Worst travel mistakes of the 2000′s: Diplomatic Dipsticks


As we take time to count our travel sins of the past decade, I get all teary-eyed and indecisive. Where to begin? Couldn’t we just say “Iraq” and be done with it? And are we including food mistakes? ‘Cuz I got some real doozies: how about shrimp ceviche from a quaint Mexican beach cafe or fresh cut watermelon in India? Uh, those would be travel mistakes, no? But like, since we’re trying to refrain from the scatological (are we?), I choose to relate the following story of which I may or may not have played a small cameo role:

Once upon a time, there were two young men working in Brussels, preparing to embark on a business trip to poor, struggling, deprived Eastern Europe. Filled with kindness and goodwill, the two decided they would add a charitable purpose to their journey by driving across Europe in their vehicle–a beige, 1975 Mercedes with a good 250,000 km under her belt–and filling it with used office computers to give away to the lesser half of the digital divide.

in order to ease their way through the red tape of certain notorious Eastern European countries, the boss of the young men lent them a pair of expired diplomatic license plates, which (in Euro-capital Brussels) tends to grant you permission to do whatever you want: park on the sidewalk, speed a little bit, drive like a maniac, etc. So, the young men screwed on the two red license plates and set off on their grand cross-European adventure.

Feeling confident with their special diplomatic status, the young men parked in the city center of lovely Budapest for a break. They wandered about for hours sightseeing and upon returning, discovered not one, but TWO parking tickets fluttering from the car’s windshield wiper. As they wrung their hands with worry for this small misfortune, a Hungarian policeman approached them, pointing out the fresh car ticket and asking for additional information. Immediately after that, a second Hungarian policeman approached from the rear, pointing to the second parking ticket.The young men stood back and watched with awe as the two Hungarian policemen began to argue with each other. Both policeman had issued parking tickets, both wanted glory for punishing the foreign offenders and yet, upon closer look, they had in fact issued tickets to two different cars. The pair of diplomatic license plates were actually different number plates gleaned from different cars, and each cop had recorded only one of the numbers on the ticket. It was also soon revealed that both were expired plates. The young men could not respond to the policemen’s inquiry as to the actual registration number for their car. This led to the car getting towed to the outskirts of Budapest and a thorough search being conducted during which time, a dozen computers were found stashed in the backseat and trunk of the car.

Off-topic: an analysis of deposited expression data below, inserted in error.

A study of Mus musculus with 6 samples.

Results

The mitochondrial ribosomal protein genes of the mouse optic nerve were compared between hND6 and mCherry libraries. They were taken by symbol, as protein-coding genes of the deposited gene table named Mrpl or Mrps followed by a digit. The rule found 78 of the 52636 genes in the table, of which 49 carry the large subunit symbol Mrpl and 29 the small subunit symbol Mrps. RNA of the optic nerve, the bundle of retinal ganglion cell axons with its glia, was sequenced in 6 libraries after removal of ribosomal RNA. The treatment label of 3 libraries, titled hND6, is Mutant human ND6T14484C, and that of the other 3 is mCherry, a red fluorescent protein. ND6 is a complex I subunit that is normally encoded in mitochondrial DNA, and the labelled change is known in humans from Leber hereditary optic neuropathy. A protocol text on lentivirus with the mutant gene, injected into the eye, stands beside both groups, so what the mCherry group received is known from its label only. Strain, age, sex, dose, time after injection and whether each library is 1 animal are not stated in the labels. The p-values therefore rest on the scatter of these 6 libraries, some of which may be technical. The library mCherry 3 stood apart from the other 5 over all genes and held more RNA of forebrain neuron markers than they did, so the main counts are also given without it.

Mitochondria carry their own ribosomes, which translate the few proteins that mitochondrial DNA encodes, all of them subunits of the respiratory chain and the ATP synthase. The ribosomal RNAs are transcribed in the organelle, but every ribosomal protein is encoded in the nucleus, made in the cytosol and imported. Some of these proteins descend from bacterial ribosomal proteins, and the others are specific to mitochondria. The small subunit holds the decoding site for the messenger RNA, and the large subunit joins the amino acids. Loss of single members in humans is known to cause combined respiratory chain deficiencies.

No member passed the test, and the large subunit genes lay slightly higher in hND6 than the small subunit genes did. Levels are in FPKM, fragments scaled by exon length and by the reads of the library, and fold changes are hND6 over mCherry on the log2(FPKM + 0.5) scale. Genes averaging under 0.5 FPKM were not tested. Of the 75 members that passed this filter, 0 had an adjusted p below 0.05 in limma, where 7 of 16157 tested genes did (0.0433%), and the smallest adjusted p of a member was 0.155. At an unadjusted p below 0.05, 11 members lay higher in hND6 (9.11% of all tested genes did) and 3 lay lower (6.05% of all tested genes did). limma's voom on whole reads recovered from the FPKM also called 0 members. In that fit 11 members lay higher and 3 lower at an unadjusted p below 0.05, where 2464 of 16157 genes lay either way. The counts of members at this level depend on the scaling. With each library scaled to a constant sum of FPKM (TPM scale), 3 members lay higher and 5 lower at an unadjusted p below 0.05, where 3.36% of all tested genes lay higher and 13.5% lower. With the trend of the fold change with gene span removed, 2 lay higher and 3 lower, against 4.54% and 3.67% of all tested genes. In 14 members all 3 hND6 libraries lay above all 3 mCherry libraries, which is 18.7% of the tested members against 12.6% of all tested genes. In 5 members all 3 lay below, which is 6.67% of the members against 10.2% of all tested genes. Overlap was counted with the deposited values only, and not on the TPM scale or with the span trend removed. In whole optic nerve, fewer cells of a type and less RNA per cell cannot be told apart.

To make a long story short, it was something of an international incident that required some top-level EU intervention to resolve. Anyone who traveled in Central and Eastern Europe in the early 2000s will remember the huge stolen car rackets that pervaded and made it nigh impossible to rent a car. After this little glitch, it was a miracle that the car was eventually released back to the young men and they were able to drive back to Brussels.

And so the moral of the story is: When in Budapest, make sure your back matches your front. Always.